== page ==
Today’s post comes from guest author Leonard Jernigan from The Jernigan Law Firm in North Carolina. There are so many cancers that people are diagnosed with that have unknown causes. So if there is an awareness that a substance increases risk for cancer, I think it’s important to try to minimize exposure to that substance. And although it’s not realistic to avoid these substances altogether, the trucking industry in particular has made an effort to use more efficient, clean-burning engines. I think it’s important to be aware of the situation and encourage more research and use of technology for both health and environmental reasons.
Lung cancer is the leading cause of death for men and women in the United States. It’s greater than breast and colon cancer in women and greater than prostate, colon, pancreatic and liver cancer in men. If diagnosed early there is a 70-80% survival rate for 5 years, and a low-dose CT scan of the chest can detect 60-70% of lung cancers at an early stage. Unfortunately, there has been no significant progress in the treatment of lung cancer in 40 years and between 10,000–20,000 occupational lung cancer deaths occur each year in the United States.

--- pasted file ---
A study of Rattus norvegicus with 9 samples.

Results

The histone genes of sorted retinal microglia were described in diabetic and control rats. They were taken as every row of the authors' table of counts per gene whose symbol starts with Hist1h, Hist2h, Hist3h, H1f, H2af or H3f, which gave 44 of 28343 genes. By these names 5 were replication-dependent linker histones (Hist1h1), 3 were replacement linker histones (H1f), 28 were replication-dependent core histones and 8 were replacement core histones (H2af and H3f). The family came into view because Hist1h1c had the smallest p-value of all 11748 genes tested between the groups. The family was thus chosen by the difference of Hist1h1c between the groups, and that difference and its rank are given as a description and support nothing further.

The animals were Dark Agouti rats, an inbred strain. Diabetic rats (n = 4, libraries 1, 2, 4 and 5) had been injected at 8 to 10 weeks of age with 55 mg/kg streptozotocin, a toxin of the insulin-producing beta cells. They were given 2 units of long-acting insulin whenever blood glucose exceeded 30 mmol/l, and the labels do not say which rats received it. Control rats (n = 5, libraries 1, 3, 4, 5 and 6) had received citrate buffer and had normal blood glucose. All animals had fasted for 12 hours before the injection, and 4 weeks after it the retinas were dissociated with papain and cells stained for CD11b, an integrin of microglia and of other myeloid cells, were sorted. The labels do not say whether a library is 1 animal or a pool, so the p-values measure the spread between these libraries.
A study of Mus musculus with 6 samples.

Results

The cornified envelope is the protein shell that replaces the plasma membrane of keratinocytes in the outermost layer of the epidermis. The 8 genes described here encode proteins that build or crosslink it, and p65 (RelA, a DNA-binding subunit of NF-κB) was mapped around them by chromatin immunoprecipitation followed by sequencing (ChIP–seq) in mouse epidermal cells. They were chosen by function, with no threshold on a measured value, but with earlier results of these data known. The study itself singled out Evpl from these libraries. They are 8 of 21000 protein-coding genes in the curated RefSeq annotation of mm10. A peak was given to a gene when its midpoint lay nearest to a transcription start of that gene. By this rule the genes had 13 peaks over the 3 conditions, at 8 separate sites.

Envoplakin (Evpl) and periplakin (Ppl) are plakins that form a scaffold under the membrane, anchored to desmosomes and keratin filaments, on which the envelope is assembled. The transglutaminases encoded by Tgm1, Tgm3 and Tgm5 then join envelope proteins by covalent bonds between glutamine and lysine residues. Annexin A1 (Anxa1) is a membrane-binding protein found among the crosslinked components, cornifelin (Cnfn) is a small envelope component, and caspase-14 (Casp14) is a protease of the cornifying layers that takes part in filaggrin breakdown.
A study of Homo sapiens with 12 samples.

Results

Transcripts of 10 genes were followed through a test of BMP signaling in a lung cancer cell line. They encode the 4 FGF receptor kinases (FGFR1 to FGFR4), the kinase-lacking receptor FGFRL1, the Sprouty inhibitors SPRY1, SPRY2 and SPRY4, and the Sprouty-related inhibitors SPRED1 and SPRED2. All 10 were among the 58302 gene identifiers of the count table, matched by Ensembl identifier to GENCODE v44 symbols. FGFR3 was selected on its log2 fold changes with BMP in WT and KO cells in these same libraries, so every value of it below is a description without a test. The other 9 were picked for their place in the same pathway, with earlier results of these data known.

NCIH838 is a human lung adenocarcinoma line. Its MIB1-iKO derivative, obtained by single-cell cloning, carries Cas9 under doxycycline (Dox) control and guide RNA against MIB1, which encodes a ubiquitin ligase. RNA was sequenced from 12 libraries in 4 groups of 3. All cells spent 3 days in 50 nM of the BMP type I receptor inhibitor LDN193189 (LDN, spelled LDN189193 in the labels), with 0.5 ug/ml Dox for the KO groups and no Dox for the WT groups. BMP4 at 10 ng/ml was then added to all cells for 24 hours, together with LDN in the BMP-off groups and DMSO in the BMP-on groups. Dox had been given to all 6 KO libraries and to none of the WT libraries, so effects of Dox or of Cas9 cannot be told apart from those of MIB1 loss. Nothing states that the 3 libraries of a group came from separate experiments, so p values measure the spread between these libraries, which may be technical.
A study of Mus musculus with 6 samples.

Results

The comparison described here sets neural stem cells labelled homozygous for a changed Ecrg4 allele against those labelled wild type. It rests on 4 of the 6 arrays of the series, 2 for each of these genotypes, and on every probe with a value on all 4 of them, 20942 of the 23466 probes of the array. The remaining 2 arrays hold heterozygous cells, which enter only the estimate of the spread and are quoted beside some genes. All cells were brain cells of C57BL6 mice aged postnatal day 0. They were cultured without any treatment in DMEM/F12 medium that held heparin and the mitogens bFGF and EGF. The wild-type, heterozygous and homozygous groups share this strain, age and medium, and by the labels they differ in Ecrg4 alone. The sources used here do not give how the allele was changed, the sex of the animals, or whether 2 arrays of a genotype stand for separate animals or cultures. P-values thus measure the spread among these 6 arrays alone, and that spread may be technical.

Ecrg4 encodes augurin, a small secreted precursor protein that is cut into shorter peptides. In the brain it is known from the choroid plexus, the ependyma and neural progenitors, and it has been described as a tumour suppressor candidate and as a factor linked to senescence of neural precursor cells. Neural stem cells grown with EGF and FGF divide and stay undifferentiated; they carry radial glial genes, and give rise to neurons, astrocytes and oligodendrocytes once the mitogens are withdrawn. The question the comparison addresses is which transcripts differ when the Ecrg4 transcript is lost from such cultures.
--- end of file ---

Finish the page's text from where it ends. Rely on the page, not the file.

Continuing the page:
One area of concern is the relationship between diesel exhaust exposure and lung cancer. In June of 2012 the International Agency for Research on Cancer (IARC) classified diesel engine exhaust as carcinogenic to humans, and studies of underground miners support that statement and also indicate that others who are around diesel fumes may be at an increased risk. Toxic chemicals in diesel gas are nitrogen oxides, sulfur oxides, carbon monoxide, benzene, PAHS (polycyclic aromatic hydrocarbons), aldehydes and nitro-PAHS.
Railroad workers, miners, truck drivers, bus operators, longshoremen and others who have been heavily exposed to diesel fumes are obviously at greater risk than those with less exposures, but even minimal exposures may cause harm. In urban areas, like lower Manhattan, there is concern that diesel exposures may be a public health hazard and detection systems have been placed in areas to collect exposure data. As for workers who have experienced intense, short-term duration to diesel fumes, a chemical called 1-hydroxypyrene may be elevated in urine, but the test for this marker is not performed by most commercial laboratories. The Mount Sinai – Irving J. Selikoff Center for Occupational & Environmental Medicine is studying diesel exposure and may be a good resource for future information, as well as the National Clean Diesel Campaign: www.epa.gov/diesel.